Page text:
Cultural barriers in club cricket impeding players of South Asian descent: Sthalekar


By Malcolm Conn

Lisa Sthalekar has seen first hand the inadvertent cultural barriers which can impede the attraction and development of South Asian cricketers to the game in Australia.

The former Australian captain turned commentator was speaking to the Herald and The Age after Sydney cricket identity Darshak Mehta wrote a column questioning why more players from the sub-continent had not made their way through the Australian system, given decades of mass migration?

“Has cricket done everything it could have to attract and retain them?” Mehta asked.

“At the risk of stereotyping, these are kids who are most likely not to play the three football codes which compete with cricket in this country. In fact, for most, cricket is their only team sport. The talent pipeline should be bursting. But it isn’t.”

Born in India, Sthalekar held assistant and head coach roles at Mosman Premier Cricket Club for three years, where a number of the players were from South Asian countries.

“You find in club cricket that the club is often sponsored by a pub and everyone goes to the pub after the game,” Sthalekar said. “That’s not what these guys do.

Lisa Sthalekar playing for Australia in 2009.

Lisa Sthalekar playing for Australia in 2009.Credit:Steve Christo

“I spoke to a few of the parents and after training one day I got them to put on an Indian feast at Mosman Oval for all of us after training.

“It was a good way for the boys to interact because normally they’d just go to the pub and have a chicken schnitty or a steak.


Gurinder Sandhu bowling for the Sydney Thunder.

“We all sat around on Mosman Oval and had a chat. That’s the way I think of trying to bridge the culture [gap].

“While at state and Cricket Australia board level you can have some diversity, you have no diversity with administration at club land. That’s where the heart and soul of these players are going to be playing week-in, week-out.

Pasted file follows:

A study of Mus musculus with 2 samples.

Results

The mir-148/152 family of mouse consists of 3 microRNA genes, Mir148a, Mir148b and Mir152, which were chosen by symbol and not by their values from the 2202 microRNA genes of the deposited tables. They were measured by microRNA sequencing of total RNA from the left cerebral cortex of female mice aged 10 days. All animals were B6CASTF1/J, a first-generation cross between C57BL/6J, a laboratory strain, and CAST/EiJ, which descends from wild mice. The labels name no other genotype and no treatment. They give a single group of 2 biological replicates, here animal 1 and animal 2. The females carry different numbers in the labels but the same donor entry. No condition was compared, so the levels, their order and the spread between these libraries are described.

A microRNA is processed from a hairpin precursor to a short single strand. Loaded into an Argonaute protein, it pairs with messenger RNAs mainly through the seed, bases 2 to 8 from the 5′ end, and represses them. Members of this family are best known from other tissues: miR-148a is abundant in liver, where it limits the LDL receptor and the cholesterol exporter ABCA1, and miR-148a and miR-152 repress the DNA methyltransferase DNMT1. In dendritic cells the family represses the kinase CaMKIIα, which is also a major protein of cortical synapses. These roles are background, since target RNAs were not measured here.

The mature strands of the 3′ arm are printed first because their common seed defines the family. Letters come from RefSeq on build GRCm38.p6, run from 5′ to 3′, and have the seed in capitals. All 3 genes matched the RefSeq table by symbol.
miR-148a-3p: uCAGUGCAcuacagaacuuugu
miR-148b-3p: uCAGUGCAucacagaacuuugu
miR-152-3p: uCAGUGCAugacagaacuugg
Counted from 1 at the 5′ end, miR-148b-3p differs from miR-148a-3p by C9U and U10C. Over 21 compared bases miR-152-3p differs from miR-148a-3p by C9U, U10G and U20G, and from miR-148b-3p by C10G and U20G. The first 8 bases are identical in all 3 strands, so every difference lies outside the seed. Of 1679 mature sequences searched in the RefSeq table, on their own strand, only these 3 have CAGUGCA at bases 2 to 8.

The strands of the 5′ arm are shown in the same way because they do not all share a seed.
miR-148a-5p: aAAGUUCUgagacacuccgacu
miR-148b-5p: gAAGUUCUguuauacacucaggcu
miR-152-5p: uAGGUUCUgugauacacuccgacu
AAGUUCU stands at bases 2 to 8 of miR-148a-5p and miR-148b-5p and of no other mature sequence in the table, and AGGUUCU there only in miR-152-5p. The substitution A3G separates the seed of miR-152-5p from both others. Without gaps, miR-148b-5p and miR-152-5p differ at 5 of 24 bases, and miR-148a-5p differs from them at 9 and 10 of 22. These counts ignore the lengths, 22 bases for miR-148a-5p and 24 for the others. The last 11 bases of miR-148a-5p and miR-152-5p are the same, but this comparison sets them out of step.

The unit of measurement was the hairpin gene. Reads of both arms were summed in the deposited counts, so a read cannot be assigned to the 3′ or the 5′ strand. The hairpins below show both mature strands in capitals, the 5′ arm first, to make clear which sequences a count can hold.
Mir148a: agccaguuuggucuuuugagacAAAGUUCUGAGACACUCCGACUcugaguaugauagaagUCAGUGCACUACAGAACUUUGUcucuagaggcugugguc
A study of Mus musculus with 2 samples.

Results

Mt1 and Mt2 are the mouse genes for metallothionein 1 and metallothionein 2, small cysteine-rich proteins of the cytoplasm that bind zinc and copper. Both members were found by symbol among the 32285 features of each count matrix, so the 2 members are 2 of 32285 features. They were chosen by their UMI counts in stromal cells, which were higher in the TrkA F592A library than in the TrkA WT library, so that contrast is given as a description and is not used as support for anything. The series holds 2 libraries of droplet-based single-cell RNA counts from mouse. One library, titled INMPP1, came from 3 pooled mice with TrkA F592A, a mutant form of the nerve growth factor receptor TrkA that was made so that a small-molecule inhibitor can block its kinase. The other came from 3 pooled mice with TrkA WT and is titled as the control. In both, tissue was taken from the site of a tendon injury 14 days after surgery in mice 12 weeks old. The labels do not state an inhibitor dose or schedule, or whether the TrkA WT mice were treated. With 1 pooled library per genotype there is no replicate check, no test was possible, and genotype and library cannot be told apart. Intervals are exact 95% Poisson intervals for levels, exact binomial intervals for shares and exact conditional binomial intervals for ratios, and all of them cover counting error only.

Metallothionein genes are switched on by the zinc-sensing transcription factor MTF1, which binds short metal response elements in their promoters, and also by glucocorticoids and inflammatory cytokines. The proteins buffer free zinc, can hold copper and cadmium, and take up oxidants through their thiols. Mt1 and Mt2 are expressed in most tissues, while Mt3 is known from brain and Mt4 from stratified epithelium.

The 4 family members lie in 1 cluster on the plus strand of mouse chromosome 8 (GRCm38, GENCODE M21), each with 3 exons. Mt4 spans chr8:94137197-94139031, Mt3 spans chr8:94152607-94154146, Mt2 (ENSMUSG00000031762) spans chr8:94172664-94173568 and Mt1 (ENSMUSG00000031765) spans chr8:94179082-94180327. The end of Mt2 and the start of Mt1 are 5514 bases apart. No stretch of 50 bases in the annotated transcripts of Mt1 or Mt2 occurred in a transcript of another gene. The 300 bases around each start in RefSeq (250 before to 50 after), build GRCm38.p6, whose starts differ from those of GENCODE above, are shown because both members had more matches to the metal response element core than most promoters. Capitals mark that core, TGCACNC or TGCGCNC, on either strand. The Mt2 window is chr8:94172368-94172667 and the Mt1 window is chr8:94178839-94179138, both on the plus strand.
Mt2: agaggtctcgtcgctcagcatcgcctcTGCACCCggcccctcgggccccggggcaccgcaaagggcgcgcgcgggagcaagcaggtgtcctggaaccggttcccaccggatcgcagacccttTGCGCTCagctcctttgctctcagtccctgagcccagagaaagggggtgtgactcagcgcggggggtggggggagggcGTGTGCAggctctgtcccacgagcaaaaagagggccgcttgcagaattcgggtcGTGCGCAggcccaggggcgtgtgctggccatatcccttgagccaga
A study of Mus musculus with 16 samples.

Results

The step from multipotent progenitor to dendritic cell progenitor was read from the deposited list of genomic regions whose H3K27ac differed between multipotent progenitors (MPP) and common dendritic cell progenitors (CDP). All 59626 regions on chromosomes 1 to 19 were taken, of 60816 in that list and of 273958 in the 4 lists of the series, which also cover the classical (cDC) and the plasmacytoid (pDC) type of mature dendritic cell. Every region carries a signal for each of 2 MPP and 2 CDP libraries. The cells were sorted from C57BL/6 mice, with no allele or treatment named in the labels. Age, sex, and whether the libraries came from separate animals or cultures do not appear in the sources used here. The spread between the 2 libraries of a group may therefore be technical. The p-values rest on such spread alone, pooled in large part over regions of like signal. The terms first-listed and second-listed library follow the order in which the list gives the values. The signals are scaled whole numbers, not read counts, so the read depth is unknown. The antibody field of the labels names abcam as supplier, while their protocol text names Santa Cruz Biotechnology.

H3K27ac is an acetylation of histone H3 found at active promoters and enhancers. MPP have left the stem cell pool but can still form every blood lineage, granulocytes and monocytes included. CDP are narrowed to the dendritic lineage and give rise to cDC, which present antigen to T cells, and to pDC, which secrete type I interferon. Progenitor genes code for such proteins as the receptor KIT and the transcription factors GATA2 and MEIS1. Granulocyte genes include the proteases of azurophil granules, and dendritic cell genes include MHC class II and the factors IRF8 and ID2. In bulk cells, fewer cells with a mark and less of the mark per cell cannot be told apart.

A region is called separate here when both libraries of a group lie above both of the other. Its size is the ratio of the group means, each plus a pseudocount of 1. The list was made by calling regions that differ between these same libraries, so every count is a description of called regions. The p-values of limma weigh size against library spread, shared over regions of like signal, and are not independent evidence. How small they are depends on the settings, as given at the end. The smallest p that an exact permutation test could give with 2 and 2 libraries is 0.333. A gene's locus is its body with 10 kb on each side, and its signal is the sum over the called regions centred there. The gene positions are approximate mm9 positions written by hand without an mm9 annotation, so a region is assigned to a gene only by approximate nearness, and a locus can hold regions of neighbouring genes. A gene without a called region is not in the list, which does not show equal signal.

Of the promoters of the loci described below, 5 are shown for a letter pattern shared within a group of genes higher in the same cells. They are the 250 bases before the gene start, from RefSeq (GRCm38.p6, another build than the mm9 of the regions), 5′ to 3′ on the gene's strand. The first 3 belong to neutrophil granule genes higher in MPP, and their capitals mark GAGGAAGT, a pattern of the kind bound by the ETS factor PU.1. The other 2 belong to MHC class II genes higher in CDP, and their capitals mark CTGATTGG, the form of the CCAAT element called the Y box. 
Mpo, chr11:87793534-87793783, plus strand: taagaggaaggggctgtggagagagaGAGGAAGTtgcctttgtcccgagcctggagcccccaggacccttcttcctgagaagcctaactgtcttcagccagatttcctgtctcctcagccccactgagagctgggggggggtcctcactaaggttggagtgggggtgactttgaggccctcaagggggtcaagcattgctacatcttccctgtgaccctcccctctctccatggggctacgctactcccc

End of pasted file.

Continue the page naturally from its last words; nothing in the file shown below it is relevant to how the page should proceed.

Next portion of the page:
“If the environment isn’t welcoming enough for a young sub-continental kid their parents will say go and become a doctor or an engineer or a lawyer.

“Their parents are immigrants who have left home, left their families, for a better opportunity for their kids. There’s a bit of pressure in that for some of the kids.”

There is certainly no shortage of South Asian players at junior level, as former NSW and Sydney Thunder seamer Gurinder Sandhu can attest.

“We had one white guy in our team,” Sandhu once said of his start in cricket in the Blacktown under 14s.

The Thunder have three South Asian players in their current squad, with captain Usman Khawaja and promising youngsters Jason Sangha, a former under 19 Australian captain, and leg-spinner Tanveer Sangha, no relation, who has already toured with the Australian Twenty20 squad. Until recently the club also had spinners Arjun Nair and Fawad Ahmed.

Jason Sangha has talked about how promising young cricketers he played with dropped off as they went through the age groups, with their parents focusing on education.

Sthalekar highlighted how the Indian Premier League has changed this emphasis in India.

“The IPL has transformed India because people realise you can become famous and earn a lot of money playing cricket,” she said. “That’s actually not the case here in Australia because the Big Bash isn’t the carnival that stops the nation. Whereas the IPL does. Everyone watches it.

Usman Khawaja is captain of the Sydney Thunder.

Usman Khawaja is captain of the Sydney Thunder.Credit:Getty

“They pluck guys out from rural towns that changes their world and their life. There are so many stories of those guys coming through whereas here it’s still a very traditional pathway.

“Parents would like to see their sons mainly go off and get a good career.”

Sthalekar said that perception was also a big thing when promising young players were coming through elite pathway programs at state level.


“Parents want to carry their kits, provide the food, respond to all the emails from administration because parents dote after their kids.

“In western culture once you get to a certain age it’s ‘right, you’re on your own’.

“The perception from teammates can be that this guy is a bit lazy. He may not want to do the hard work.

“But that’s got nothing to do with how much he wants to train at cricket.”